It's even easier when your predecessor made the decision in question. HP CEO Meg Whitman has a lot of decisions to make by the end of her first month in office. She will need to decide the fate of webOS as well as the Personal Systems Group, or PSG, better known as the company's PC business.
Ex-CEO Leo Apotheker's parting gift of the planned and pricey acquisition of British Autonomy has closed without a hitch, with almost nine out of 10 Autonomy shareholders giving a thumbs-up to the deal. HP can now officially begin taking on IBM
The Wall Street Journal is reporting that HP is reconsidering the controversial spinoff, as internal calculations show that the costs trump the benefits. Whitman has publicly stated that she will finalize a decision by the end of October. HP Chairman Ray Lane had also previously said: "We have no intention of getting out of the PC business. Why would we get out of a $43 billion PC business that is No. 1?"
HP's PSG segment brought in $9.6 billion in revenue last quarter and $567 million in operating income. Although the margins are lower than in its Services segment, the PSG makes HP the world's largest computer maker by revenue.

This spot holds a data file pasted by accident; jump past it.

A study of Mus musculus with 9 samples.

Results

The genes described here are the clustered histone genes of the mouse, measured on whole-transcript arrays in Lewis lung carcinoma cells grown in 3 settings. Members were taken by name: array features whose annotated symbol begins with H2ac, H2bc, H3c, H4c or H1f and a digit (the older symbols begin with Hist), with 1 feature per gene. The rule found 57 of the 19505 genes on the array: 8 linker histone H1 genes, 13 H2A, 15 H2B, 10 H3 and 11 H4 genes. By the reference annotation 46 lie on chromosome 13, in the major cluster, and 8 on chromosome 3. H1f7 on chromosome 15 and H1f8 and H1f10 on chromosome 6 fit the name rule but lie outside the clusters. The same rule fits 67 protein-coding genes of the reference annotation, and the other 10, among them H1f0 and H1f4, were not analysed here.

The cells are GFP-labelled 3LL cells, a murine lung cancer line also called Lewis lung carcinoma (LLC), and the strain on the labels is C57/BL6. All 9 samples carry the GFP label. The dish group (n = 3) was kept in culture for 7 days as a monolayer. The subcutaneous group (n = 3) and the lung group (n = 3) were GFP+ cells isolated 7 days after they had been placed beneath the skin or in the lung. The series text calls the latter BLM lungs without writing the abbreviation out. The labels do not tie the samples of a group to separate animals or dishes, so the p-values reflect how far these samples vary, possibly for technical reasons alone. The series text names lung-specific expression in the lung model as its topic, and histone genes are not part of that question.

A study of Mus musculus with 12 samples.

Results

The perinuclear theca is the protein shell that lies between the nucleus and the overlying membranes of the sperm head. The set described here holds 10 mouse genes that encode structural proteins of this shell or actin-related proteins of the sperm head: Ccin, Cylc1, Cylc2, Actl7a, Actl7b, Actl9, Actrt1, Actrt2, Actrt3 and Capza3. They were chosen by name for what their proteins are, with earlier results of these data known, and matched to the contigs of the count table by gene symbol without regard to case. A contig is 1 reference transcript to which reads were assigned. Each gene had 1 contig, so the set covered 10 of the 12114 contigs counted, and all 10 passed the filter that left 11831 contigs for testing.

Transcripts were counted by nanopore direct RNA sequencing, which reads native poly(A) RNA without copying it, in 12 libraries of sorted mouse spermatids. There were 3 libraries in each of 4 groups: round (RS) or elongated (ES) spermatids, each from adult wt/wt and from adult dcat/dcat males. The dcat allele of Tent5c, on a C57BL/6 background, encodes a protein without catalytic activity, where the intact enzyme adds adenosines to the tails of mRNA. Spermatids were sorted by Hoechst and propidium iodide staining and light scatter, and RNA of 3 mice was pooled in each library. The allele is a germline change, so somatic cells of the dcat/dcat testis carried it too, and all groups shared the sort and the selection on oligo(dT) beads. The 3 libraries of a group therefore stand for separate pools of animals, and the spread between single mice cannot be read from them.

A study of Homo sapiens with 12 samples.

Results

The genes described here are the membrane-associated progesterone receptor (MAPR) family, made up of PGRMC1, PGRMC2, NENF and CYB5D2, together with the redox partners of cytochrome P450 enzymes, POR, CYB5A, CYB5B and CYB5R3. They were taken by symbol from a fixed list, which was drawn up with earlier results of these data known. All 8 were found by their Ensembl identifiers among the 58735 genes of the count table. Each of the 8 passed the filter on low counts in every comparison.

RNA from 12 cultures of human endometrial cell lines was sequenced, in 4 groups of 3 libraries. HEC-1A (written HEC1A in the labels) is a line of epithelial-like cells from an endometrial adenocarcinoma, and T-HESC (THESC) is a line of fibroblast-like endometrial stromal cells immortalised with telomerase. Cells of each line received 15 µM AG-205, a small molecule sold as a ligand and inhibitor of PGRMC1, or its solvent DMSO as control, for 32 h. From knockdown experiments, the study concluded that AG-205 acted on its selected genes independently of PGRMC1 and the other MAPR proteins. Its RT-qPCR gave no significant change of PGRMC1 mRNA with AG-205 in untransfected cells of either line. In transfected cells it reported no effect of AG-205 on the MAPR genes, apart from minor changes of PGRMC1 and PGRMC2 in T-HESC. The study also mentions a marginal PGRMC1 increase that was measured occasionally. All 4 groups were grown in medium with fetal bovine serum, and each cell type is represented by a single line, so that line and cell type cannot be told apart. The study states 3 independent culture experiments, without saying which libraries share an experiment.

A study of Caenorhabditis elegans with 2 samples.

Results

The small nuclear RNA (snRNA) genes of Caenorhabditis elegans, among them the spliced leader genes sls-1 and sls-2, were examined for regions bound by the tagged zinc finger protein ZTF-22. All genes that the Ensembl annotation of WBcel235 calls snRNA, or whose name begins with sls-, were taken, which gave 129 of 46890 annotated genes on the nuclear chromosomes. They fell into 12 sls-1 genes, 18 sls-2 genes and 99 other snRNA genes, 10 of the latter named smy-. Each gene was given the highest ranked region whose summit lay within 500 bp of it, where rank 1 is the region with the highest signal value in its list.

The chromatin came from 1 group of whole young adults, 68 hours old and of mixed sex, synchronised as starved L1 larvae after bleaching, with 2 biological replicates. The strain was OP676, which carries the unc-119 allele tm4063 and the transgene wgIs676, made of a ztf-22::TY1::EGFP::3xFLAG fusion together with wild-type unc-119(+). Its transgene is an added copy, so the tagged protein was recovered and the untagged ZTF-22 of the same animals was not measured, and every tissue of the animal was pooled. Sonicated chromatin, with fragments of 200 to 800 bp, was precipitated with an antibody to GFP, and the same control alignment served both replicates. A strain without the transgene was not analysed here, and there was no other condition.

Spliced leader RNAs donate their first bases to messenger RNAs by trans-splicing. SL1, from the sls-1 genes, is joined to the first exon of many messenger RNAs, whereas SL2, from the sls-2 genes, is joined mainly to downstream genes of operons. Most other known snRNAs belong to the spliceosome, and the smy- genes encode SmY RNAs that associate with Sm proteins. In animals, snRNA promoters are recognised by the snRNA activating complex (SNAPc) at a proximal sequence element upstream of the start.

Without the PSG, HP would lose a lot of bargaining power with suppliers, as it would sacrifice its economies of scale, which would also muddle its supply chain and potentially hit margins. HP executives remain mixed, with some for and some against the prospect. Some of the analyses that HP is running suggest that HP should hold on to the segment.
I don't see any compelling reasons in favor of the spinoff. HP's brand is synonymous with PCs. Re-creating an entirely new brand identity takes loads of time, money, and direction. IBM successfully pulled it off when it moved away from the consumer-PC business, but HP has been sorely lacking in the strategic-direction department of late.
Add HP to your Watchlist to find out whether it keeps pumping out PCs.
Fool contributor Evan Niu holds no position in any company mentioned. Check out his holdings and a short bio. The Motley Fool owns shares of Oracle and IBM. Motley Fool newsletter services have recommended buying shares of and creating a bear put spread position in Netflix. Try any of our Foolish newsletter services free for 30 days. We Fools don't all hold the same opinions, but we all believe that considering a diverse range of insights makes us better investors. The Motley Fool has a disclosure policy.